Nemesias and Diascias

'Little Dreamer'

‘Little Dreamer’

Many years ago, when I was a Kew student, I had my first real experiences with diascias when I had to plant out Diascia cordata ‘Ruby Fields’ in the beds along the Broadwalk. They were interspersed with blue Festuca glauca and the effect was ground breaking. Diascias were delicate plants for the alpine house, not bedding plants, but Brian Halliwell, Curator of the Alpine Department, was ahead of his time, as well as scary for students. Diascias are plants from South Africa and, in the past twenty years, largely through the encouragement of plants people such as Derry Watkins and breeders like Hector Harrison and later breeding companies around the world, diascias have been transformed into amazing plants that truly cover themselves in flowers for most of the summer. If they get straggly just trim them back, make sure they are watered and fed, and the bounce back with more flowers. Even better, in addition to the rather strident, grumpy pink of ‘Ruby Fields’ the colour range has expanded to include lots of happier colours that I would be delighted to see in the garden. Perfect for pots, baskets and the front of borders, in well drained soil and mild winters, they will survive for more than one year too.

'Juliet Light Pink'

‘Juliet Light Pink’

Here are more seen at Ball Colegrave.

'Juliet Pink with Eye'

‘Juliet Pink with Eye’

 

'Little Dancer'

‘Little Dancer’

 

'Aurora Light Pink'

‘Aurora Light Pink’

 

Diascias can give a great show

Diascias can give a great show

And then there are nemesias. At about the same time, work started to make new nemesias, based on the subshrubby, South African Nemesia fruticans. Until then, nemesias were jelly-bean-coloured annuals like those below.

'Nebula mixed'

‘Nebula mixed’

But N. fruticans turned nemesias into neat, tidy, slightly tender perennials with flowers in purple, pink and blue shades and, amazingly, perfume, something we had not seen in nemesias before. Now there are dozens and some are lovely. They are certainly easy to grow and flower for ever. I think they are in danger of becoming just too dumpy and have too many flowers, but I just love this ‘Myrtille’, named after the French for bilberry.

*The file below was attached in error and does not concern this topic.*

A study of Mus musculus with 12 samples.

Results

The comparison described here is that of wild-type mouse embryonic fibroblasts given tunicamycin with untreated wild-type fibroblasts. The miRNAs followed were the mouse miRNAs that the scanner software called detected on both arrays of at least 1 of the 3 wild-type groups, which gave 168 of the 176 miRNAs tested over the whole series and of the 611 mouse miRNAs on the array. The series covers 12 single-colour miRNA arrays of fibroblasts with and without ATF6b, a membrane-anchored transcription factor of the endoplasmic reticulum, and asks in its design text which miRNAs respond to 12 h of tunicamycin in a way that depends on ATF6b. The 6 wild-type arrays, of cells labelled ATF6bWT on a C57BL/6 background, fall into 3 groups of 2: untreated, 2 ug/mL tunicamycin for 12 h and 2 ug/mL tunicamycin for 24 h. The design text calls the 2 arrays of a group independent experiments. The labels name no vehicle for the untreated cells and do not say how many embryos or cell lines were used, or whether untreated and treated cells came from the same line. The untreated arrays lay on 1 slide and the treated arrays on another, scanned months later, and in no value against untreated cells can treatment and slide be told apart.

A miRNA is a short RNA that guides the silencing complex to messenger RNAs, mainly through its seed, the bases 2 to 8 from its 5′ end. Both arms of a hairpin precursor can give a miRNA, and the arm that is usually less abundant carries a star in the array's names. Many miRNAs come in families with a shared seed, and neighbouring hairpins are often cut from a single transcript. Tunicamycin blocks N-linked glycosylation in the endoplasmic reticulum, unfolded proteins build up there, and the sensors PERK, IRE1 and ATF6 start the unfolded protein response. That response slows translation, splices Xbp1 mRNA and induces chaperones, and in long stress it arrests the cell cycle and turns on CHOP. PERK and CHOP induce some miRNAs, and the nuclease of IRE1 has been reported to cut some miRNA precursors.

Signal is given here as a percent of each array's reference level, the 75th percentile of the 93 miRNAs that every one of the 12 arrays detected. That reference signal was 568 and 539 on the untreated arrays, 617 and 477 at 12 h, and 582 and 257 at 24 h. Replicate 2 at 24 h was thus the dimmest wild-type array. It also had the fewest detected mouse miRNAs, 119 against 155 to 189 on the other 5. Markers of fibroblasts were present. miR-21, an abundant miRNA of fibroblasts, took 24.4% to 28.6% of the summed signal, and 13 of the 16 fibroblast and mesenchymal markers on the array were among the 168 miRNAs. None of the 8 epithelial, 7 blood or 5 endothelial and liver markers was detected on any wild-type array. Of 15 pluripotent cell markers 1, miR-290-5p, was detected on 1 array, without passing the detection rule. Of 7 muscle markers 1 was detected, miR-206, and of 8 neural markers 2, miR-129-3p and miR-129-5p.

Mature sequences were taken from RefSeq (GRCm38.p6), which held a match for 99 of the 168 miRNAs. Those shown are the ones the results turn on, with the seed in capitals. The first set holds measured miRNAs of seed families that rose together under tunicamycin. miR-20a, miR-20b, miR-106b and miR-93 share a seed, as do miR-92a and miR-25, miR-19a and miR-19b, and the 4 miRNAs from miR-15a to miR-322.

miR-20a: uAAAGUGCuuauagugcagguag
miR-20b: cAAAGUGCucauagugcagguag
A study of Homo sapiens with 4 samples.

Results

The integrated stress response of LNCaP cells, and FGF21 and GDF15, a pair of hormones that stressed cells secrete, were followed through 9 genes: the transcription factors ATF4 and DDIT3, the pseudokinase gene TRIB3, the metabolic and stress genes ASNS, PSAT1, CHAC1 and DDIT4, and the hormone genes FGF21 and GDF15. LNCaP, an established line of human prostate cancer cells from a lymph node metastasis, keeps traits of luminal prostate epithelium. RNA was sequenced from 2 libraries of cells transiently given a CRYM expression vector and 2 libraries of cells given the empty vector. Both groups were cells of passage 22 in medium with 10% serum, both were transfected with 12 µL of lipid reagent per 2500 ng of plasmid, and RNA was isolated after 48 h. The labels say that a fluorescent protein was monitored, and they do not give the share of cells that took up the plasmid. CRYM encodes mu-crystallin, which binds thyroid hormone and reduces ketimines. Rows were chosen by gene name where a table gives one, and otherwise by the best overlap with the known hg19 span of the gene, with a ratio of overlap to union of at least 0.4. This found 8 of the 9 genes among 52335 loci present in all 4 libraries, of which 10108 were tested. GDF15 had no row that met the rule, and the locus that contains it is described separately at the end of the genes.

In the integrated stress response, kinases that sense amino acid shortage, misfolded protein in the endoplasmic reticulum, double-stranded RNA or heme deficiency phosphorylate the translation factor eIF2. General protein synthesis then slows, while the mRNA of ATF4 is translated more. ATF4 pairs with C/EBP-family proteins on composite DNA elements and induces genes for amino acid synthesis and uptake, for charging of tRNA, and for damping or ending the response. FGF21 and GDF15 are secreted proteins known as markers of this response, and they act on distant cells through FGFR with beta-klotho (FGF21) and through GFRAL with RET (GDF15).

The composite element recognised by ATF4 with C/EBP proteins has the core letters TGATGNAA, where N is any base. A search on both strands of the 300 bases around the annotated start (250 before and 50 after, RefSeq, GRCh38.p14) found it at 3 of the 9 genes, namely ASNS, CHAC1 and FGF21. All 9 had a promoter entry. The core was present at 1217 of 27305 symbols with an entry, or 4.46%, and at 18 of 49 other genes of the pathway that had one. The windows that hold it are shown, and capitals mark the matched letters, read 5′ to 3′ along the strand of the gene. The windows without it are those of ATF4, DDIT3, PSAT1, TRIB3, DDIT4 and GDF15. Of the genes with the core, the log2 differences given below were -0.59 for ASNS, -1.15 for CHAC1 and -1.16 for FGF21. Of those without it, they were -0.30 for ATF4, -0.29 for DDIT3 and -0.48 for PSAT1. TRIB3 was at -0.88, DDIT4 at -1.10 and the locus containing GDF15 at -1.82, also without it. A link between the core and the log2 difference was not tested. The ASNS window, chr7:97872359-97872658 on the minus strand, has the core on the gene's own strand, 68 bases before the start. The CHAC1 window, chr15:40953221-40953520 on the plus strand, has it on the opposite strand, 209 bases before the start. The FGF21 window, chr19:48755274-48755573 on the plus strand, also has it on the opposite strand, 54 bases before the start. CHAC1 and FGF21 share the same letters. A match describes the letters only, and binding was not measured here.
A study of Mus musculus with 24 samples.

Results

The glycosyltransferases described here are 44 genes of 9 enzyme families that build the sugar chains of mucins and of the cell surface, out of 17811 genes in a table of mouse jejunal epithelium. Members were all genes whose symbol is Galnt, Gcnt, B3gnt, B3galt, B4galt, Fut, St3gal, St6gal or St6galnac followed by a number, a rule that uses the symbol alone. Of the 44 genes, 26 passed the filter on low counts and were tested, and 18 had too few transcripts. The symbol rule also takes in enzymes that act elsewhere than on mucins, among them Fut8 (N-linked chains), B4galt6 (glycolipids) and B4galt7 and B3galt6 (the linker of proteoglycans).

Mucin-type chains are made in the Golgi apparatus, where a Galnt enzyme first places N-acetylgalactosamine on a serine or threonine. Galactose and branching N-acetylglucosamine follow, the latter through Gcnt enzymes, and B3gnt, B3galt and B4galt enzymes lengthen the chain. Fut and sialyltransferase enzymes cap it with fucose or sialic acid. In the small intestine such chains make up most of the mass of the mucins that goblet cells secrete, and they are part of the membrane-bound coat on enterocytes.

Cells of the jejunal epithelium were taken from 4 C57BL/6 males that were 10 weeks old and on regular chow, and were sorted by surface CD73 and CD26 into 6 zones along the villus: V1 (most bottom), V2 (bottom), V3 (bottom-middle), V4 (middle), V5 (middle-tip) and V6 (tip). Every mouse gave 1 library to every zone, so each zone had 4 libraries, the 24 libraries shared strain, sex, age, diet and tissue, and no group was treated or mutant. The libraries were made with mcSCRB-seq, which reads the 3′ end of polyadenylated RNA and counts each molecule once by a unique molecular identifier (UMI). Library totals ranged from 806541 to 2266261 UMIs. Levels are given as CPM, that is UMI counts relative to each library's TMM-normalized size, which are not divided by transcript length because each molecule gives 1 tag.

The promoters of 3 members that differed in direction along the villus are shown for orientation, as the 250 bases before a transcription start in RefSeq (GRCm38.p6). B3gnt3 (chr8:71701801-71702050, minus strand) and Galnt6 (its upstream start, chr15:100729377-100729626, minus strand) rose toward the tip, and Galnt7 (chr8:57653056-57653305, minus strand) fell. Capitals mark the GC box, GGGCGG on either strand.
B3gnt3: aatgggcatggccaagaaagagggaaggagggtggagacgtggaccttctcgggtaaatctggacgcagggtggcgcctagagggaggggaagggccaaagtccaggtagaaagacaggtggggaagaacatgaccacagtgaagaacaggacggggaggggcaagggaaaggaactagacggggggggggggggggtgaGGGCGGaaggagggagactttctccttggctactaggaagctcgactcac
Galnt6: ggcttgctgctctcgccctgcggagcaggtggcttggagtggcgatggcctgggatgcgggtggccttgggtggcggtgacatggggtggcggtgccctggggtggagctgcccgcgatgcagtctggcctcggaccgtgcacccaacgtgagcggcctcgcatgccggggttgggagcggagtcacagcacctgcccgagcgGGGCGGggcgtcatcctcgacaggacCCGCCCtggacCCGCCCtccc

'Myrtille'

‘Myrtille’

 

'Mirabelle'

‘Mirabelle’

 

'Framboise'

‘Framboise’

New for 2017 is this yellow and white creation which, as its name suggests. is perfumed too.

'Aroma Banana Split'

‘Aroma Banana Split’

 

'Nesia Burgundy'

‘Nesia Burgundy’

You can buy a wide range of nemesias from here – http://www.nemesia.co.uk/nemesia-14-c.asp

I have no connection with them and have not bought plants from them.

 


  1. digwithdorris
    August 6, 2016 at 8:19 am #

    Interesting article. So does aroma banana split smell like bananas? Kids would love that.

  2. derrickjknight
    August 6, 2016 at 9:12 am #

    Jackie perked up when I mentioned this one

  3. Noelle
    August 6, 2016 at 8:53 pm #

    Enjoyed your article, and since I have admired these for some time, will most probably try some next year. I have just gone through the list of perennials I have bought and lost to slugs over the last couple of years, and would be interested to hear from you as to whether slugs and snails avoid them.